Let’s be honest, our waterways are not exactly flowing springs of the cleanest mineral water. Some are hundreds of years old and as a result have collected a fair bit of detritus. A lot of this junk is just floating along waiting to foul up your canal boat propeller. In this article we are going to take a quick look at what to do about it.
Canal boat propeller frequently asked questions
Clearing a Canal Boat Propeller.
Ok first things first. Accept it. Because it is going to happen. It’s inevitable. It is how you deal with it that counts. Let’s look at some common questions and see if we can get a few answers.
What is Likely to Obstruct a Canal Boat Propeller?
Well how long is a piece of string? Propeller length obviously. Fishing line is one that is popular, but by no means exclusive. Other things might be weeds, lines and a real favourite (which thankfully is becoming much less common) submerged plastic bags.
How Do I Know When My Canal Boat Propeller is Fouled?
It’s actually pretty obvious, especially if you know your boat. You’ll notice a marked loss in power and speed for a start.
Speed? How? I don’t have a speedometer.
At lower speeds the rudder is far less effective. So, you will notice that the steering feels a lot ‘looser’ than usual.
There are other signs too. The engine will probably protest loudly. Listen for straining noises or a higher pitch to the engine. Watch the exhaust too. If you have got something stuck around your canal boat propeller then there is likely to be black smoke produced as your engine burns more oil when under strain.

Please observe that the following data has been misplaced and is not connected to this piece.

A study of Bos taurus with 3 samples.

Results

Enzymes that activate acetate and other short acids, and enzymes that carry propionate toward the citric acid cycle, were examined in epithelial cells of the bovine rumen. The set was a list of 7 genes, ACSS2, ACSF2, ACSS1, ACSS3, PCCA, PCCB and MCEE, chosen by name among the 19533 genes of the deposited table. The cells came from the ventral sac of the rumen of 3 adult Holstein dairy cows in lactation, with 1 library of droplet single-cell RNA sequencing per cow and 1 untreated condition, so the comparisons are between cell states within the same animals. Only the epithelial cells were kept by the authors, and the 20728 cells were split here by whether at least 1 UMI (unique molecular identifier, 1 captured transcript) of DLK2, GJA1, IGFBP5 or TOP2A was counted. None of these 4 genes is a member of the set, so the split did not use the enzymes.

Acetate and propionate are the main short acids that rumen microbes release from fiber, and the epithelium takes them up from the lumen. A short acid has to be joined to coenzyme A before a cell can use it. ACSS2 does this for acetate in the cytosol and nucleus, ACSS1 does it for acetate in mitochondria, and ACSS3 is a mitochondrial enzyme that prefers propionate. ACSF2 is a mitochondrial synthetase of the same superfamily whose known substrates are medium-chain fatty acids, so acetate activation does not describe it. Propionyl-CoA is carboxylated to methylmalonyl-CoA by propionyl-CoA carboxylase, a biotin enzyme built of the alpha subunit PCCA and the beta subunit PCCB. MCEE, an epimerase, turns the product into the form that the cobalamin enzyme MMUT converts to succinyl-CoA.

How Do I Clear a Fouled Propeller?
Well the first thing you need to do is minimise any further damage or strain to either the propeller or the engine. So, pop the boat into neutral. This disengages the propeller and stops it spinning and making everything worse.
Consider using reverse (slowly) if something has wound around your prop, by putting it into reverse you might be able to unwind it, and then it can clear itself. Pay particular attention to the sound of the engine as it acts as a great clue as to when your prop is clear.
This Hasn’t Worked. What’s Next?
First make sure you and your boat are safe. If possible, move your boat to an area where it can be safely moored.
Next you are going to get a bit ‘handsy’ so it is VITALLY IMPORTANT that you turn the engine off (and remove the key to prevent anyone from starting it whilst you’ve got your digits stuck in what could become a blender).
Look for your boat’s weed hatch. You’ll normally find this miniature trap door located directly above the propeller (well you’d hope so as this is exactly what it is for). Unscrew the fixings, remove the cover and with any luck you’ll be able to see what has obstructed the prop.
Once you have removed your head from your hands, you’ll be able to access the canal boat propeller in order to remove the debris. This can often be done by hand (be careful with fishing line as often there are a few hidden hooks which can be supremely sharp). Or failing this some decent kitchen scissors or garden secateurs make light work of most canal bound junk.
Once the debris has been removed, make sure you dispose of it (don’t throw it back in the canal for another boater to fall victim to the same misfortunate that has befallen you). And of course, don’t forget to close and secure the fixings back over your weed hatch.
It is worth turning over the engine and making sure all is working correctly before continuing on your way. Don’t blast it at full power ‘just to see if it is working’. You might cause more damage if the obstruction is not fully cleared. Instead work your power up slowly, with any luck your engine will be singing again.
If you aren’t sure it is worth perhaps calling for some professional help. OK it’s not cheap. But neither is a blown gasket or new engine.
It is bound to happen at some point. Expected some might say. There’s a reason why boat manufacturers build boats with weed hatches. By ensuring your canal boat propeller is clear you can look after your engine and ensure that you have hassle free cruising. Just remember the safety advice we have given above. What’s the worst fouling you have seen on a propeller? Why not leave a comment below?